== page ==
We have so much respect for Christine Margiotta and her leadership in the fight for racial justice and equity. After reading her piece last week we had to share it with you, and didn’t feel like it could wait. The pain, power and resonance in her words and thoughts are profound, real, and necessary.
“By now, you likely know the name George Floyd, a Black man murdered by police in Minneapolis (read background & police response to protesters). You may have also heard about the incident with Amy Cooper in Central Park, a white woman who called the police on Christian Cooper, a Black man who asked her to comply with the park requirement to put her dog on a leash (read more here).
You may want to jump to action or even turn away, but I encourage you to challenge these impulses. The guidance below is similar to what I shared with last year’s anti-racism cohort, in the wake of another incident of domestic terrorism.
BE: Be with your emotions. Notice your reaction – anger? shock? shame? frustration? grief? Sometimes we leap to action to disconnect from the discomfort of our feelings. That’s white dominant culture – encouraging us to take a quick action and feel relief, but if it were that easy, racism would’ve ended a long time ago. Feeling is the critical first step in the continual “waking” for those of us who are white.
REFLECT: While it may be tempting to share disdain for Amy Cooper’s actions, let’s first look at how the elements of white supremacy that she is steeped in are also within us. This reminds me of Robin DiAngelo’s good/bad binary – where we label her as bad to distance ourselves, so we can be “good.” The hard work is looking within. This powerful piece by Tamika Butler shares guiding questions for your reflection.
LEARN: Seek to understand the history of racial terror in law enforcement. The prevailing narrative often blames these incidents on the bad behavior of individuals, rather than acknowledging the racism and power inherent in the systems these individuals leverage. Learning about the historic and current terror in our criminal justice system is central in guiding our actions.
ACT: Reflect on the many ways you can be a part of shifting systems that have done tremendous harm. Black Lives Matter LA is leading a movement for a “People’s Budget” which pushes on the reality that 54% of our City’s funds are spent on the police force. Learn more here, and lend your voice to questioning the power and resources of law enforcement. Consider contributing to local organizations advocating for alternatives to our current criminal justice system, including CURB & Initiate Justice, two of our Accelerator leaders doing profound work in this area.
As you continue to reflect, I’ll leave you with these words from Alicia Garza and Rachel Cargle.
From Alicia Garza, co-founder of Black Lives Matter:
“I’ve gotten a lot of questions about what we can do right now. First, Black people are exhausted. I’m exhausted. Angry. Devastated. Scared.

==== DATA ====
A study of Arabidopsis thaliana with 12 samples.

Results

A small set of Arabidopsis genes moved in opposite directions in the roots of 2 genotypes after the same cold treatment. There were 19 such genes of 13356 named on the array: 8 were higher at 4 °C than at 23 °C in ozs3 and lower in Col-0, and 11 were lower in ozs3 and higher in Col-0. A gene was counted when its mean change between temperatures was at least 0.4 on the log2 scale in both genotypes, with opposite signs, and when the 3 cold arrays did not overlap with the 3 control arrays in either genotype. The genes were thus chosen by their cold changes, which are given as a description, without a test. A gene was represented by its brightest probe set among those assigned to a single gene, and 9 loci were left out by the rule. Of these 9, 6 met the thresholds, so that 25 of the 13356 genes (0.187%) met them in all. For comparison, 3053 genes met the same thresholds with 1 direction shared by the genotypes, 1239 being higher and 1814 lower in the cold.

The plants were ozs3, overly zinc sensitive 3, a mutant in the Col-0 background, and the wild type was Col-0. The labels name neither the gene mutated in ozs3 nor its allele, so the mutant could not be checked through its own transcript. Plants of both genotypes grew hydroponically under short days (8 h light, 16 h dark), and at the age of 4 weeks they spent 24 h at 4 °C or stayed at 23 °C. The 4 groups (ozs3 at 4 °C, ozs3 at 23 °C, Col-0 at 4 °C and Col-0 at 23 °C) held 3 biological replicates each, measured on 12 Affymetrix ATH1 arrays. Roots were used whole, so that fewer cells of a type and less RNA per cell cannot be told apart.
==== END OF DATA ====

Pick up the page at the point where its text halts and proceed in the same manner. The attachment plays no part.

There is not *one* easy thing you can do right now to make you or anyone else feel better about the fact that this country allows black people to be hunted and killed like animals. There is not *one* easy thing you or anyone else can do to make this go away. I try really hard not to be enraged at these kind of inquiries. Protest for too many is a performance for someone else’s benefit – rest assured people are not facing tear gas to perform for you. They are sick and tired of being stripped of humanity and no one doing anything. Ending police violence is a long game. It takes organizing. Protest to up the ante. Public and private pressure. Electoral organizing strategies. Telling new stories about us and what we are fighting for. Imagine holding all that and watching as time and time again a black life is extinguished before our eyes, and the laws protect the killers. So when I say change the laws and change the people who make them, I’m serious about this. Police should be held accountable for crimes they commit. So should this country. I don’t have easy answers for you. And honestly I want us to stop looking for them and start supporting the organizing work people are doing and have been doing.”
From Rachel Cargle, anti-racist academic, writer, & lecturer:
“Dear white people,
I’m tired of hearing you say:
‘I can’t believe this’
‘I had no idea’
‘This can’t be real’
That is in all actuality wildly offensive that our pain is so far off of your radar that the mention of it shocks you. It’s actually hurtful to know that the news that’s been keeping me up at night hasn’t even been a topic of conversation in your world.
Instead when I keep you informed on the blatant abuse, racism and trauma happening to women of color and their families I need to hear:
‘I’ve found an organization that helps in these types of instances and I’ve donated money’
‘I’ve brought this topic up to my coworkers and family so we can talk through what’s happening’
‘I’ve researched more on this and I have learned more about the history of this particular race issue we have in our country’
Your shock isn’t enough. Your wow isn’t solidarity. Your actions are the only thing I can accept at this point.”
I’m here with you as we continue to walk forward, and I appreciate your open-heartedness, your willingness to be, and your commitment to act.”